New to the game, but not the subject

Sitting at my new desk this morning, I have to admit I am slightly overwhelmed.

I have never written for a daily newspaper before, although I have had a few articles published in the Enterprise. I have never been a reporter, but I have written extensively about my own life and outdoor experiences.

I have, however, spent the majority of my life working, living and playing in the outdoors.

Some of you may be familiar with my writing about living off the grid, or my stories about the chickens we share our yard with. Even though I now enjoy running water and regular electricity, my interest as an outdoors enthusiast has been constant ever since I was a little kid.

Like many of you, one of the main reasons I chose to live in the Tri-Lakes area is so that I can enjoy the outdoors. The breadth of outdoor activities available to us is second to none, and I look forward to sharing my passion for the Adirondacks with you.

There is so much to the outdoors that goes beyond hiking, skiing, paddling, fishing or hunting. The opportunities provided to us make this area what it is, and I see it as my job to share those possibilities with you. From sporting events to solo adventures, homesteading and farming to state-policy decisions, the Adirondack outdoors is home to myriad escapades and interests.

In exchange for having all of these wonderful opportunities, though, we are uniquely situated in that we get to live inside the park that we love and use.

Most people around the world do not have this chance, and with that luck comes the duty to know, understand and appreciate the possibilities and responsibilities that are unique to those of us who live, work and play in the park.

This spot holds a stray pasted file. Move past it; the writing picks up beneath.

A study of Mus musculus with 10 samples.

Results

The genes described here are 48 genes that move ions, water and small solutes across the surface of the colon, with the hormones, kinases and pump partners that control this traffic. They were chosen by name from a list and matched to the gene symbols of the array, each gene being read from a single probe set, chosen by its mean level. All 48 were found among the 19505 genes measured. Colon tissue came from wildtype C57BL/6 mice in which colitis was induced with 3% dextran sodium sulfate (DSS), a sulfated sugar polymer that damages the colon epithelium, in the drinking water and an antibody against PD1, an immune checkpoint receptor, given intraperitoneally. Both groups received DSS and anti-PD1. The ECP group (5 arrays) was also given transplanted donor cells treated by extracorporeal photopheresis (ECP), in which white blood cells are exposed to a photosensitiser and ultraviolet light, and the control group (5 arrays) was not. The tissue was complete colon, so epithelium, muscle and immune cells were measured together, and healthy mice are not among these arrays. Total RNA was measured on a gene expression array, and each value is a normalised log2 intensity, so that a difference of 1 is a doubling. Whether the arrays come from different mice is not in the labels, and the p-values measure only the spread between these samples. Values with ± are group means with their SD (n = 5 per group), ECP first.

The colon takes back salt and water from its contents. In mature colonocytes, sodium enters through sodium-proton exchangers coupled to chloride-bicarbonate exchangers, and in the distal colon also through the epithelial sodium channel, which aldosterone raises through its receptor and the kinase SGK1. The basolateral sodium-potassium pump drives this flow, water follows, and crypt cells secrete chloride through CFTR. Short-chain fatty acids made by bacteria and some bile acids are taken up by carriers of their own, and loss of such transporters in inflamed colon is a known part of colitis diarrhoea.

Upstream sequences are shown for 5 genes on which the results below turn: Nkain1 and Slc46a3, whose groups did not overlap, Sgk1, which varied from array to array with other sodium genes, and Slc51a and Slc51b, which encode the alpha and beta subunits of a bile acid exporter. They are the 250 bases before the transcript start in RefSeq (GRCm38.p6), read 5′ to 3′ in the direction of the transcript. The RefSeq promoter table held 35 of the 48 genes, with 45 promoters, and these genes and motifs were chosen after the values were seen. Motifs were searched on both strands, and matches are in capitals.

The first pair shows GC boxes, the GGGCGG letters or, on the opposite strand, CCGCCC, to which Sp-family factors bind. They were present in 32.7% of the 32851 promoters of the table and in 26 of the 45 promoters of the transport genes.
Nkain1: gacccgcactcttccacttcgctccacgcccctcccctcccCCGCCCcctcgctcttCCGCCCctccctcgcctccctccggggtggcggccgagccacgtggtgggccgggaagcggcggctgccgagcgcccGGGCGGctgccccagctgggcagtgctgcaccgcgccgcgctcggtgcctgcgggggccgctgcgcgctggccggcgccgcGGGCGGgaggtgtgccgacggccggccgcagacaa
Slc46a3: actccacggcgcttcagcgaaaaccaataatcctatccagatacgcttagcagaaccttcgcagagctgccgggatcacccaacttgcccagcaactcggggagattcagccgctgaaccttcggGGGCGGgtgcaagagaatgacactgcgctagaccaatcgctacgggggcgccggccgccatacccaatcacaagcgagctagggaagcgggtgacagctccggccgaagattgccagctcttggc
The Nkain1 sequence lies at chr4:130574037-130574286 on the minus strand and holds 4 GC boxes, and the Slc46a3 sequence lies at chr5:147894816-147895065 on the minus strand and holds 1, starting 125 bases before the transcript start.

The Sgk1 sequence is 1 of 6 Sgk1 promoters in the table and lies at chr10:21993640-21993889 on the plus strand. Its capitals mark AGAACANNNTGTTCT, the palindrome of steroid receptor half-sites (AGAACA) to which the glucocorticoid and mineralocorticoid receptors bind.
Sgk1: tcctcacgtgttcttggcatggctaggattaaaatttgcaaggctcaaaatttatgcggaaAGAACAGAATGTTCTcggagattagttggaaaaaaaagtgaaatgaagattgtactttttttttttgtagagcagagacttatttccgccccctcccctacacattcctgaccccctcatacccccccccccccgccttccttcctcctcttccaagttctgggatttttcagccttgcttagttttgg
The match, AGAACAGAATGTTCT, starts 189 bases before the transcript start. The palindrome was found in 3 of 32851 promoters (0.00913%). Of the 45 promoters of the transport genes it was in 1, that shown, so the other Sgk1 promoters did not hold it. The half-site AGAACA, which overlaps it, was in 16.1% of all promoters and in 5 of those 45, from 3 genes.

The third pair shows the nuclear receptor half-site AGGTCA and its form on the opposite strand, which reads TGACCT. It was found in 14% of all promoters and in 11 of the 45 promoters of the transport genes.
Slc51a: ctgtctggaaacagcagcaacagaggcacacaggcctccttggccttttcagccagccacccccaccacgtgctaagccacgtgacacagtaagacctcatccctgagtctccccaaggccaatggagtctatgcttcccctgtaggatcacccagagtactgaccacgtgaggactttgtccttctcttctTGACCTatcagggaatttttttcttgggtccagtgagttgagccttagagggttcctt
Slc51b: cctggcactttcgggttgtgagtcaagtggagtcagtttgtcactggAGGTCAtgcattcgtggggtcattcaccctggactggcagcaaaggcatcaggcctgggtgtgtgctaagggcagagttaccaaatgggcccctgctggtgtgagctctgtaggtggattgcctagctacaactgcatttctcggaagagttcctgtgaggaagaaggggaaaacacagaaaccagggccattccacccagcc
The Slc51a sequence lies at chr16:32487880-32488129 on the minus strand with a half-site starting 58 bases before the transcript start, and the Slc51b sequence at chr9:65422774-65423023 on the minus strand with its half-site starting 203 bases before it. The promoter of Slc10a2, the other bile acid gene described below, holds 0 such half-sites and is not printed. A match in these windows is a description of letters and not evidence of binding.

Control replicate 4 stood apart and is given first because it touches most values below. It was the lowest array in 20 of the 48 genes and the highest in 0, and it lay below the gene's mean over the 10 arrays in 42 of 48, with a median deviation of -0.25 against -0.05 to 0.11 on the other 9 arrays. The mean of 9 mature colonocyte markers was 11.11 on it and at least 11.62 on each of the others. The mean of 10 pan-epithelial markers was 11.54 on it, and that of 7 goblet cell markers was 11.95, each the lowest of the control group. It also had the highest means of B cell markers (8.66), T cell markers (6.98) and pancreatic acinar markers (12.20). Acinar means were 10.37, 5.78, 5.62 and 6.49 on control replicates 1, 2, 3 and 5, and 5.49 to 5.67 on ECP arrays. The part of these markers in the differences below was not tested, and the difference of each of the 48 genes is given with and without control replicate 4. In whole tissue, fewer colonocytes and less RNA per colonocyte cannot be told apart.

My personal Adirondack experience has taken me all over the forest preserve, but also away from the park for enough time to make me realize that there is no place that I would rather call home.

Having grown up in Gloversville, I moved to the northern part of the park to attend Paul Smith’s College. I received my bachelor’s degree in natural resources, and then went on to work for the Department of Environmental Conservation.

After a couple of years, I decided to try my hand in warmer climes, and moved to Jacksonville, Florida, where I was an environmental scientist for the city’s water quality division. I did everything from conducting water quality sampling to making off-shore artificial reefs, all while working with local, state and federal authorities.

It was a great job, but I realized after a few years that Florida was just not the place for me. I missed the seasons and the mountains, and decided to come back to the place that I love.

I am looking forward to providing you with unbiased, informative reporting on the decisions and agencies that affect all of our lives. The Adirondack Park Agency and Department of Environmental Conservation can have both immediate and long-term effects on the way we live, and it is important as a resident of this area that you know what is happening. You need quality information to understand the impacts of agency decisions, and I will provide you with articles that furnish that substance.

I have a great passion for all things outdoors, and like to think that my personal experiences will help me be a good reporter for you. I look forward to sharing the stories of your friends and neighbors, and hope that you will be inspired to try something new, or something old but in a new place.

Our lives, intentional or not, revolve around the outdoors. It is a great big world out there in our little corner of the park, and the people, places and politics of the region make for an unending source of stories. My job is to share those stories with you, and I am looking forward to serving all of you well.

If you have a story about anything outdoors, please feel free to contact me at jlevine@adirondackdailyenterprise.com, or give me a call at 518-891-2600, extension 25.